A well-established winery could be considering it doesn’t need a new web site as long as the current one is kept up to date and running smoothly. What’s wrong with such an idea? First of all, the winery itself evolved along the years: brands are created or changing, images are evolving and drinkers are moving on other wines or even countries. Then, the technology itself changed drastically over the last two or three years: the rise of social networks, the technological progress with the easy access to video and audio, the will of the consumers to become actors of the industry are important parameters to include in your communication and marketing strategy. Last but not least, a winery needs to heard seen and heard in order to sell its wines.
But what kind of web site should be designed? The first consideration should always be for the target audience. Are there age, cultural or national factors to take into account? Does the audience use the Internet frequently or are they going to be reading your site as a printout from an assistant?
What are visitors looking for? How obvious is the path to various features of the site? The usual print wisdom is to present information in a “who, what, when where” format. Naturally this has to be attractive, adapted to the “web space” and use an original approach. Straying too far from the expected navigation logic will limit and frustrate visitors.
Sometimes company graphics need to be modified to work well with electronic media. Only a specialist can determine if this is needed and how to do it. Specific localization can also be color-dependent. The obvious example are sites in China which look nothing like their American or European counterparts. At the regional level, sometimes colors are associated with a team or a well-known existing local brand.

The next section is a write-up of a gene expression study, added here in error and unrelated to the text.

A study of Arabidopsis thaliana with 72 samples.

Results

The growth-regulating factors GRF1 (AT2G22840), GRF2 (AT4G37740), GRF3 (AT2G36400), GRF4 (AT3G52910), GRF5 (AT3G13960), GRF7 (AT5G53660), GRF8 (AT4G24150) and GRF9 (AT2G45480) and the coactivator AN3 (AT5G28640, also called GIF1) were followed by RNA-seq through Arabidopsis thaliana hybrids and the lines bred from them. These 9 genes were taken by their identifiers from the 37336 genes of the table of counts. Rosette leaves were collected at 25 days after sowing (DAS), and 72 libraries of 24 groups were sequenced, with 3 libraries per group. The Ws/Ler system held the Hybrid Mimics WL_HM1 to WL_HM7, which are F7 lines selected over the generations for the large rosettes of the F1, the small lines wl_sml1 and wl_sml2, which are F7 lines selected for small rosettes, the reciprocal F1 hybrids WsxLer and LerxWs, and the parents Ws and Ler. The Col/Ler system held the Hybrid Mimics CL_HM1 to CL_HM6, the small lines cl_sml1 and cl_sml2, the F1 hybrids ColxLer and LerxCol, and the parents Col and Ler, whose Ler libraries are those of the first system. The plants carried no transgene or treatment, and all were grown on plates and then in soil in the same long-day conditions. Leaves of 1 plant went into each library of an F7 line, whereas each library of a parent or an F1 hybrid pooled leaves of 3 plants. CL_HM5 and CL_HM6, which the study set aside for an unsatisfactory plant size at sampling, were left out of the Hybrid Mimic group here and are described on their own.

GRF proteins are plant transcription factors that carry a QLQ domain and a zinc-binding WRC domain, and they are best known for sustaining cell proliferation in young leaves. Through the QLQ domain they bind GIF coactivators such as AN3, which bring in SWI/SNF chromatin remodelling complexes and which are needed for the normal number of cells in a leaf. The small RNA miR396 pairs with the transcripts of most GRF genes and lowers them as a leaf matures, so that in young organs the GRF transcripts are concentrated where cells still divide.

In 1995 it was enough to be on the Web. In 2000, sites became more dynamic and today, interactivity and evolutive content have become part of the user’s expectations. On the other hand, web visitors have also become more wary about leaving their email or other data on sites they visit. Also impatient with unwanted advertising or useless information, they are installing filters that remove most of these. The user wants to be master of the experience, not be led around on a guided tour.
How do we know what the user is looking for?
Experience has shown that a number of basic principles apply whatever the subject matter or target audience of a web site. However, no one can foresee all the possible combinations of a visitor’s experience, computer hardware and software and connection speed. This is why we use traffic analysis and post-production usability testing. These and other tools help us evaluate how successful we have been in meeting visitors’ needs.
Beware of trying to transpose your own vision of what a site should be and concentrate on your audience. Success on the web comes from matching or exceeding the visitor’s expectations, presenting engaging content in an agreeable looking and easy to navigate manner.
Are there many web sites answering to those very basic principles? I’d be interested in hearing from you who go regularly on wineries’ web sites: what do you like? What do you dislike? What could be improved?